Medical Moment: Teaching dogs to communicate
(WNDU) - If you’ve ever tried to teach your dog commands like sit, stay, fetch, or rollover, you know it can be a tedious job.
Now, imagine teaching your dog to use words and phrases to ask for what they want and share with you how they feel. One of the largest studies of its kind is underway to prove dogs can communicate.
Meet Stella, a spunky Catahoula Blue Heeler mix. Her dog mom, Christina Hunger, a speech-language pathologist, is making headlines around the world after teaching Stella to use augmentative and alternative communication devices to express herself.
Stella’s learned 50 words and can create phrases up to five words long but Stella is not the only dog finding their voice.
UCSD Cognitive Scientist Federico Rossano is leading the largest animal communication citizen science study ever done. It’s called, “How They Can Talk,” and involves six thousand animals in 47 countries.
“What we are trying to do is trying to understand to what degree they can communicate more complex thoughts,” Dr. Rossano explained. “The first time I saw them putting together three, four buttons to sound like a sentence, I was pretty impressed and shocked. What amazed me more was when they would follow up on that because it then really felt like they were actually engaging in a conversation. The other thing that I thought was remarkable was really to see them communicating about the needs of somebody else.”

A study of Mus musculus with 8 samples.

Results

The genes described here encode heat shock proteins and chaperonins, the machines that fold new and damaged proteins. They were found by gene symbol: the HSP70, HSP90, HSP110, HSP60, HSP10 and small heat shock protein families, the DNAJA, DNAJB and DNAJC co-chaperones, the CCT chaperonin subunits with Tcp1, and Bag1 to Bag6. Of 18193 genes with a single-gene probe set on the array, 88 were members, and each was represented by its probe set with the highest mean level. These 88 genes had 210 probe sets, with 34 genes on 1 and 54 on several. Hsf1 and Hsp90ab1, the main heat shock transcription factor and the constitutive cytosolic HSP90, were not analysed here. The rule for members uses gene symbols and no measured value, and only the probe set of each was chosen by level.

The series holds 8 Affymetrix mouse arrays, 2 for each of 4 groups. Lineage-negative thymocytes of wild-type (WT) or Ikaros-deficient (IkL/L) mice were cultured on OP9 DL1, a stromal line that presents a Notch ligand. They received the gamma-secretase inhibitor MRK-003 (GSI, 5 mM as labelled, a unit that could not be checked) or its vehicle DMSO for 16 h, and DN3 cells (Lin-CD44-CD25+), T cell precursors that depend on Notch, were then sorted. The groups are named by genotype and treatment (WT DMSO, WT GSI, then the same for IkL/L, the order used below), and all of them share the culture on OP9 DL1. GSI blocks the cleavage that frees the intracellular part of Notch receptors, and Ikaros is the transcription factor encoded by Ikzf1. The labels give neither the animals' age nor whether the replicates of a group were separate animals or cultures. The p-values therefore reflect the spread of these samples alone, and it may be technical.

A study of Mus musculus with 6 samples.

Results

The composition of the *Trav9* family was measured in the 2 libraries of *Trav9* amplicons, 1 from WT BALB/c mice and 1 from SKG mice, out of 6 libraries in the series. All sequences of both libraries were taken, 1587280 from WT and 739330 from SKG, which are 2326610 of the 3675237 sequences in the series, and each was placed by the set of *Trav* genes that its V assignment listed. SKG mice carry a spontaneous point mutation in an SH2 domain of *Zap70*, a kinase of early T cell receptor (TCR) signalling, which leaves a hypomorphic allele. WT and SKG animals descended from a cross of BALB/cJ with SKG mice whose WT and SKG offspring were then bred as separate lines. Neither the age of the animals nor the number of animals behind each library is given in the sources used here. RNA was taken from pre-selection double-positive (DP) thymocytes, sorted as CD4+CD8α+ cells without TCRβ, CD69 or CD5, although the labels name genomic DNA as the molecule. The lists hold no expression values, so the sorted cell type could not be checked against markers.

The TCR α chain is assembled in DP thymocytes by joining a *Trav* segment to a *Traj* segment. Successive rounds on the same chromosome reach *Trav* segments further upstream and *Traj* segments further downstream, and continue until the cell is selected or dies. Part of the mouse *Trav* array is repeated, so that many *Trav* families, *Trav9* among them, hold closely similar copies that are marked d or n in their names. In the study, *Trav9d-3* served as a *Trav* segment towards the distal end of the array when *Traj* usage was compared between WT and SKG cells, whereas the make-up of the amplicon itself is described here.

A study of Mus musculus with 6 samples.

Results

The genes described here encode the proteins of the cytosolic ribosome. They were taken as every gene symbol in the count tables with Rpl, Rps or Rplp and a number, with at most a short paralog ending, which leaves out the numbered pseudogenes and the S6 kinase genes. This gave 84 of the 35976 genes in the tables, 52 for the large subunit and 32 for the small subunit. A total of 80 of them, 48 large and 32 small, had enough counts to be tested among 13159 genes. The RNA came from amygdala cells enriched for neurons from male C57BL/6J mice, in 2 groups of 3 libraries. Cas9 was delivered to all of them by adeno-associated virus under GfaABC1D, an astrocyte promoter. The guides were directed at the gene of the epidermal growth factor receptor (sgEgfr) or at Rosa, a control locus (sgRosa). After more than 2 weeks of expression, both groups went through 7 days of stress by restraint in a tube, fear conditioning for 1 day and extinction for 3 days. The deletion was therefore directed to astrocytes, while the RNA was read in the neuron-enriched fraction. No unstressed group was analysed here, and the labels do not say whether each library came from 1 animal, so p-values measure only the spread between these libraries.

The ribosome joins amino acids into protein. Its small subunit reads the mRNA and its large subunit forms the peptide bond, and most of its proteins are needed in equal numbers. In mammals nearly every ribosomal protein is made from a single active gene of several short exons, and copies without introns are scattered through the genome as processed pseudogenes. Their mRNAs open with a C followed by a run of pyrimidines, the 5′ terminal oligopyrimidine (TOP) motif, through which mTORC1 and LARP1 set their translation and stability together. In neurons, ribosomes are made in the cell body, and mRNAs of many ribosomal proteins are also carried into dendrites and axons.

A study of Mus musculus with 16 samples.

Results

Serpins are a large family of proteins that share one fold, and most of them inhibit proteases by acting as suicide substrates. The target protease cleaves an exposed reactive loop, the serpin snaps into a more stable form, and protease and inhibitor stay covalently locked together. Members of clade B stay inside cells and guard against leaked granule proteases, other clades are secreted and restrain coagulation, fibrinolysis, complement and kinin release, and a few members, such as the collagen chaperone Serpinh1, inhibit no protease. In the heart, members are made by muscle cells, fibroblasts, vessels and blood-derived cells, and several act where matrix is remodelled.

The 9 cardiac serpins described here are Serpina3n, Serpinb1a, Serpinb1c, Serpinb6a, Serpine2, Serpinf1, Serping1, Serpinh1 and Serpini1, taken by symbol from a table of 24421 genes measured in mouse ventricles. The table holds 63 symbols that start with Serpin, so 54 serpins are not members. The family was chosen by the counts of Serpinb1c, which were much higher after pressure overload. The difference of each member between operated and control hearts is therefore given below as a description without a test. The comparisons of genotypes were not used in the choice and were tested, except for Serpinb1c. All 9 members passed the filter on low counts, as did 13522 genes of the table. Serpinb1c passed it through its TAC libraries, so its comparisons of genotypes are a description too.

The time it takes for a dog to learn to talk depends on how much time their human puts into teaching them. But Rossano believes the time spent could lead us all to a better understanding of our furry friends.
Cats are also included in the study, although Professor Rossano said they are much harder to train. We also asked if one breed was a better learner than others. He said their study involved a lot of mixed breeds, but border collies, poodles, and terriers seem to all be quick learners. Poodles and terriers seem to be quick learners, with some learning not just dozens, but hundreds of words. But again, it all depends on how much time their owners put in to teaching them.
Researchers are looking at using machine-learning algorithms to analyze the calls of rodents, lemurs, whales, chickens, pigs, bats, cats, and more.
Analyzing animal language is very different from analyzing human language.
Computer scientists must instruct software programs on what to look for and how to organize the data. This process depends not only on accruing a good number of vocal recordings, but also on matching these vocal recordings with the visual social behaviors of animals.
Making a Google Translate for animals has been an aspirational project that’s been in the works for the the last decade. Another factor that researchers are considering is the fact that there might be unique elements to animal language due to physiological and behavioral differences. There are suggestions for using self-supervised learning algorithms to analyze audio data in which the computer tells the researchers what patterns it’s seeing in the data.
These patterns may unveil connections that are missed by the human eye.